The Productivity Commission has called on the Federal Government to consider scrapping the luxury car tax (LCT).
In its final report on the Australian automotive manufacturing industry, the Productivity Commission labels the LCT “arbitrary in its effect” and “a higher-cost and less efficient method of raising revenue than more broadly based taxes”.
It cautions, however, that the LCT’s removal needs to be considered as part of a broader program of taxation reform measures, given the effect on government revenue if it is not replaced by another revenue source.
The Productivity Commission’s recommendation has been welcomed by the automotive industry.
The Federal Government today said it supported the recommendation in principle but planned to discuss it further in its Taxation White Paper.
Federal Chamber of Automotive Industries CEO Tony Weber supports the Productivity Commission’s recommendation that the LCT be removed.
“This poorly designed tax distorts vehicle purchase decisions and adversely impacts safety and environmental outcomes,” Weber said.
“We welcome the government’s in principle support for this recommendation and we look forward to further consideration in the government’s Taxation White Paper.”
Asked for his brand’s response to the recommendation to axe the LCT, Mercedes-Benz Australia public relations senior manager David McCarthy said: “Bring it on”.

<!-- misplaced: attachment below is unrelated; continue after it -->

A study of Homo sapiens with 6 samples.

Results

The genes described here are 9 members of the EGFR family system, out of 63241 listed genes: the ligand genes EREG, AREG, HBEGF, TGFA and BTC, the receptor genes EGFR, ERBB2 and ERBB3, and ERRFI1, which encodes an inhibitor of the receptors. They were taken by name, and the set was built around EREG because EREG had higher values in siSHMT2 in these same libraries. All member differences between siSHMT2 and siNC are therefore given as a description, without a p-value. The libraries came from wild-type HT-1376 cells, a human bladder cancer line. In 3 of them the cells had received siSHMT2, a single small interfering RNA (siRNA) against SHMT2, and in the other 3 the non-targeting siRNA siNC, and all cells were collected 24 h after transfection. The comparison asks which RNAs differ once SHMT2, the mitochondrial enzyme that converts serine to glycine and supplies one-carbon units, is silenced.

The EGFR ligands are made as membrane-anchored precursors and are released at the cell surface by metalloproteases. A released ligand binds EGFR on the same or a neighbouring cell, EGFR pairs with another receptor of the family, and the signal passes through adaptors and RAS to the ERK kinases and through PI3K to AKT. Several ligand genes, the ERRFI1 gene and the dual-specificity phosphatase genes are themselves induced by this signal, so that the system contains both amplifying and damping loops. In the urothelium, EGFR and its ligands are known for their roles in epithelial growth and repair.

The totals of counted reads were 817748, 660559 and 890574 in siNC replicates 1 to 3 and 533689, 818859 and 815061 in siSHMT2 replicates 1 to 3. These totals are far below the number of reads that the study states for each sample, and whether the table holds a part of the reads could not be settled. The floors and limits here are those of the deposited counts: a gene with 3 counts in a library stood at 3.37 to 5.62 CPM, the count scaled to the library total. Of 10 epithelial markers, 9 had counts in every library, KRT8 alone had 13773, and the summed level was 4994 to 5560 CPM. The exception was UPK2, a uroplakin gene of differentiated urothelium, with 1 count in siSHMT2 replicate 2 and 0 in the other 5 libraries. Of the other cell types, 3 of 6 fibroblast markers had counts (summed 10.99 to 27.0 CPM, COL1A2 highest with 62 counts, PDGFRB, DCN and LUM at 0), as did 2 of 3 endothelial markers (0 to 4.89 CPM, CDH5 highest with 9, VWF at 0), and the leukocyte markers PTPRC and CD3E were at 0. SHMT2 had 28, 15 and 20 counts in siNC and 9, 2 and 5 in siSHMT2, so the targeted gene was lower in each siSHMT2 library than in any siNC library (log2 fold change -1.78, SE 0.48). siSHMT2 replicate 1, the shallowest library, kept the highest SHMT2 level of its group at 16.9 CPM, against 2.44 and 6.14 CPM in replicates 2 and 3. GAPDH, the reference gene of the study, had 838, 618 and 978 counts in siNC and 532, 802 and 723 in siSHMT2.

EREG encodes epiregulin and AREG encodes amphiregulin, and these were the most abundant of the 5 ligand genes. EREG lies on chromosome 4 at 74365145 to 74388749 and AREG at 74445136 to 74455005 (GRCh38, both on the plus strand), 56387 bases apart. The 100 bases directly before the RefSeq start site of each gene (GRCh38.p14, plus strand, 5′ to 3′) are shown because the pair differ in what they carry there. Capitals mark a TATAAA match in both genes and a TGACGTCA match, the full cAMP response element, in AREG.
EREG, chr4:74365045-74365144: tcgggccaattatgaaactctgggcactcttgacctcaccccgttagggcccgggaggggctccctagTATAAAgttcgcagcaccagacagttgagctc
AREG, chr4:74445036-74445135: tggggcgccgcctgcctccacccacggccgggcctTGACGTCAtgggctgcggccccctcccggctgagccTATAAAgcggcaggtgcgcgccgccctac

“Obviously the challenge for the government is to find revenue to replace it,” McCarthy said.
“We’re very happy to have a discussion with the government as to where they might find that.”
McCarthy warned not to expect policy changes in the near future, however.
“They flagged it as part of the taxation white paper, so this isn’t going to happen anytime soon.”
The Productivity Commission’s report also recommends the government consider the removal of the five per cent tariff on imported vehicles after Ford, Holden and Toyota have ceased manufacturing in Australia, contending it will become a baseless tax from 2018 when local production has ended.
“At this point, there would be no industry protection rationale for maintaining this tariff. The tariff on motor vehicles will simply raise the price of vehicles for consumers and businesses, with no benefit to industry.”
As with the LCT, however, it acknowledges that the import tariff’s removal will have a “significant effect on government revenue”. The Australian Government expects to collect $920 million from tariffs on passenger motor vehicles in 2013-2014.
McCarthy said Mercedes-Benz was also supportive of the recommendation to scrap tariffs.
“It’s good they’ve also recommended the removal of the five per cent tariff, which predominantly only applies to European vehicles anyway. The government has already started initial discussions with the EU about a free trade agreement.
“I would suggest pretty strongly that the removal of the LCT and that tariff would be front and centre from the EU, so I think the government’s on the right page there.”